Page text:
Disregarding the majority’s wants, Congress passed and the president signed into law the Patient Protection and Affordable Care Act. The bill was supported, but not totally endorsed, by the American Medical Association (AMA). This support has created tension between the Florida Medical Association (FMA) and the AMA.

The AMA found itself in a difficult position at the start of the reform debate. It had fought and won many political battles to prevent partial or complete national healthcare models from being instituted. From President Franklin Roosevelt on, the AMA had been able to negotiate effectively for its membership while still maintaining its core mission of improving healthcare for Americans.

During this most recent debate, the AMA found itself in a disadvantaged position. Having seen a sister medical organization completely excluded from the negotiations for taking a hard stand against this reform package, the AMA leadership realized that it had to be “at the table.” The leadership worked towards meaningful input into the legislation despite the competitive, complicated, and multi-interested nature of the negotiations.

The AMA’s participation allowed it to negotiate against an experienced group of reform advocates including Rahm Emanuel and Nancy-Ann Min DeParle -- both Clinton-era healthcare veterans. In addition, both houses of Congress were in the grips of reform-minded Democrats with little sympathy for doctors. As news of each major reform was released, doctors and state medical societies vociferously resisted the changes. The laws would forever alter the practice and even content of medicine. It was then that AMA membership levels began dropping, and doctors’ outcries of no confidence began.

Many doctors believe that the AMA was giving up doctors’ rights to independent medical practice for cosmetic gains. Doctors were banned from owning hospitals or other healthcare facilities, which is exactly what they had historically done: the Mayo Clinic, the Cleveland Clinic and the Ochsner Clinic are three prime examples. In addition, doctors were being forced into “Accountable Healthcare Organizations,” meaning they would become paid employees.

The Sustainable Growth Rate (SGR) formula was not fixed, so doctors still face a substantial 21 to 35 percent fee reduction in the next several months. More cuts will follow in order to meet budget projections, as noted on page fourteen of the Congressional Budget Office report to Speaker Nancy Pelosi. Even though the AMA was successful in preventing the newly established Comparative Effectiveness Committee’s findings from being used to dictate practice decisions, deny treatments, or set payments, the committee still establishes the effectiveness of treatments. It is hard to imagine that this data will not be drawn upon to make policy.

From within this assault on medicine, dissatisfaction with the AMA’s ability to represent Florida physicians grew, and the Florida Medical Association met to discuss the AMA’s actions. The odium towards the AMA was only inflamed when the leadership gave support to Obama’s pick to lead Centers for Medicare and Medicaid Services (CMS) -- Dr. Donald Berwick. His beliefs about redistribution, socialist healthcare delivery systems, and healthcare rationing are well documented.
During the FMA’s Orlando meeting, Jeff Goldsmith, Ph.D., from the University of Virginia and a recognized expert on healthcare legislation, validated every fear that organized medicine had about the bill. Medicine in the future will be delivered by large multi-specialty hospitals, with capitated coverage and risk-sharing systems; doctors will be employed by these systems, many in shift work. This change has already started, as noted by a survey taken at a FMA meeting revealing only 30 percent of doctors are still in solo private practice. Private medical and academic practitioners are concerned about their future as independent professionals.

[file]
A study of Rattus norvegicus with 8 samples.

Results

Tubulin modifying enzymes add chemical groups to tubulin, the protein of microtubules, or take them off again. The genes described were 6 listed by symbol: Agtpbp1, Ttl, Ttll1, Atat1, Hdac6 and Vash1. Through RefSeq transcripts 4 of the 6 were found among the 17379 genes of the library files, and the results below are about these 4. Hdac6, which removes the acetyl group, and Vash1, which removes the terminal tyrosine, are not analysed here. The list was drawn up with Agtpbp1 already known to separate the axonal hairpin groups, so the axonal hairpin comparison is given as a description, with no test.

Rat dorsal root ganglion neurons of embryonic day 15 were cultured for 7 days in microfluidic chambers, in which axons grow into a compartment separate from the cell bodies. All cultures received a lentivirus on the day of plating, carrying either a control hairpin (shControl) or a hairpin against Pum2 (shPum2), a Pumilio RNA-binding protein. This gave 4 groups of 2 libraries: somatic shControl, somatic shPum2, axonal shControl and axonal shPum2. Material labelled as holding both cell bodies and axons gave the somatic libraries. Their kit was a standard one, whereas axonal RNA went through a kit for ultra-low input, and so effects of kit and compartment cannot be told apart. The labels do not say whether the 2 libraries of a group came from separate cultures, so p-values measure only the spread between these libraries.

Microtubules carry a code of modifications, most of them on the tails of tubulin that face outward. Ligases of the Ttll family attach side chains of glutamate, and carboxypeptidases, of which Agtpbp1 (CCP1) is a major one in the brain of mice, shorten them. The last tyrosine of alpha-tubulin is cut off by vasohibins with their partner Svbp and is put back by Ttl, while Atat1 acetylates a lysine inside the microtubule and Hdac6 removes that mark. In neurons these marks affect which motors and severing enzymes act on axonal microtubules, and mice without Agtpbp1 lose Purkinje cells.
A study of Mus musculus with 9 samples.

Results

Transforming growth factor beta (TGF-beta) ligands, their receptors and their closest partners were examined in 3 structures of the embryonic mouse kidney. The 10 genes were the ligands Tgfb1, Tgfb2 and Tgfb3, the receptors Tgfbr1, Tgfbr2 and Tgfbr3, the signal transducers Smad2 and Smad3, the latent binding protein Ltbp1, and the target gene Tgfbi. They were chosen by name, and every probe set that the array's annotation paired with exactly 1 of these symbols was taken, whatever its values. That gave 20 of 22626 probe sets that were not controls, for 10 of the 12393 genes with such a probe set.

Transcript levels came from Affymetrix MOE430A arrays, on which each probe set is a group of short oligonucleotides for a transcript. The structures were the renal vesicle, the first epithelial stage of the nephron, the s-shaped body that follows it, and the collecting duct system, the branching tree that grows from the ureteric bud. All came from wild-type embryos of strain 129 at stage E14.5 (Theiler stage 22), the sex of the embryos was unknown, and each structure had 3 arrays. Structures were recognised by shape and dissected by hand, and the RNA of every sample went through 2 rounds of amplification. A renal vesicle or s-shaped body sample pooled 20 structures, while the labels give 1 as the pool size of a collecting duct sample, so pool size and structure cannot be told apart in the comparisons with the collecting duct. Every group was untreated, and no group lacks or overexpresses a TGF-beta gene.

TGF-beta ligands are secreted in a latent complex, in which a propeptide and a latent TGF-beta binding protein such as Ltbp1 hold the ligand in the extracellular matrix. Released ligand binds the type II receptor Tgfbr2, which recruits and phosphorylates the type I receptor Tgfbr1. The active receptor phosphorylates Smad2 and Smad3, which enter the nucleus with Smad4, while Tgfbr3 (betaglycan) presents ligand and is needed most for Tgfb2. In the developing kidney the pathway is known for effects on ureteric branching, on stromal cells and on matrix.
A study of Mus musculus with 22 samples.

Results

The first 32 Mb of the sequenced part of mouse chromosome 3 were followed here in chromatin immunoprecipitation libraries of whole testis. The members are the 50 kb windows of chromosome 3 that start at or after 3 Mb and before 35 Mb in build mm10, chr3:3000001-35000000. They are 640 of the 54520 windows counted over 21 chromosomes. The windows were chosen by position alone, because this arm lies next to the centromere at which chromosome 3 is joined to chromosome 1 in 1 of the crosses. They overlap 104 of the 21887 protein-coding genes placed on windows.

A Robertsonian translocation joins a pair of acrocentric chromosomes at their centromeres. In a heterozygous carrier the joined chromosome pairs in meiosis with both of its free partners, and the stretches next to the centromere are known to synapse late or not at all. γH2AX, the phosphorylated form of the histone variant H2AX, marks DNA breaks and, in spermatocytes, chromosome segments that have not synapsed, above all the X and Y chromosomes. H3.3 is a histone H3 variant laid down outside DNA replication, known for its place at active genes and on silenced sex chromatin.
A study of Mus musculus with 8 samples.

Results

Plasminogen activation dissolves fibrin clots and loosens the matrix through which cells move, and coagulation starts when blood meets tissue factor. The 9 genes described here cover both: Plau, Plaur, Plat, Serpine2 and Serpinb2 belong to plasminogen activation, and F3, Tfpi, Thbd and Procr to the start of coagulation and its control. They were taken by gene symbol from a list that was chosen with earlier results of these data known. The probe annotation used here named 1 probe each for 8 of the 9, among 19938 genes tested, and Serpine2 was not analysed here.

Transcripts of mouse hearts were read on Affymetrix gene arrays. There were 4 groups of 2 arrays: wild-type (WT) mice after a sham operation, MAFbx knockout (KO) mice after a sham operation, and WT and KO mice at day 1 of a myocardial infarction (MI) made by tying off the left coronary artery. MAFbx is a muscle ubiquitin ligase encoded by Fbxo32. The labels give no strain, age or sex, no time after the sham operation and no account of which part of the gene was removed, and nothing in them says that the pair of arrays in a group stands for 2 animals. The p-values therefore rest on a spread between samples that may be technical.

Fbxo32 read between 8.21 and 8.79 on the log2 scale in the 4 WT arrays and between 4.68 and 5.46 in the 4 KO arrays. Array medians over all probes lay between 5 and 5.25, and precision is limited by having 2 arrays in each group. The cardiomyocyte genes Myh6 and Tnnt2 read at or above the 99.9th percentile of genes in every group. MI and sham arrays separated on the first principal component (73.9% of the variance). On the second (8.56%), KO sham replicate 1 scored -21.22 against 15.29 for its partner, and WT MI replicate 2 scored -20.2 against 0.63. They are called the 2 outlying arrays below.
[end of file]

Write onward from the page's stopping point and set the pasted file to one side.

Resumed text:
At the meeting, civil and sometimes stinging arguments for and against secession from the AMA were debated. Ultimately in a 52 percent to 48 percent vote, the decision to put the AMA on notice and remain a collective body passed. The members of Congress have long recognized the AMA as the single most important voice for medicine, invariably asking the AMA’s position on any issue. The FMA and the 49 other state medical societies know that without a single voice the opposition to the free practice of medicine will be empowered.

The AMA tried and succeeded in this round of reform to preserve some sanctity to the doctor-patient relationship by keeping the government from coming completely between it, but future changes could still undo this relationship. Granted there are marked regional variations in doctors’ vision of healthcare reform.

Understanding this, the FMA House of Delegates came to the right decision to sanction but not secede from the AMA. Without a single respected and experienced voice at future negotiations, no administration is going to listen to the blather of dozens of separate organizations. The AMA accomplished much in this reform battle but the war is not over, since so many believe only a single-payer national healthcare system is the answer.

If for nothing but the sake of America’s constitutional liberties and the freedom to practice as one chooses, this must be prevented and it is the voice of the AMA that will lead that fight. But it has been placed on notice and may find itself alone if it continues to lose the big battles in this war.

Dr. Smith is a historical novelist and has written extensively on medical economics. He is an adjunct faculty member at Santa Fe College, a Fellow in the American College of Surgeons, and delegate to the FMA House of Delegates.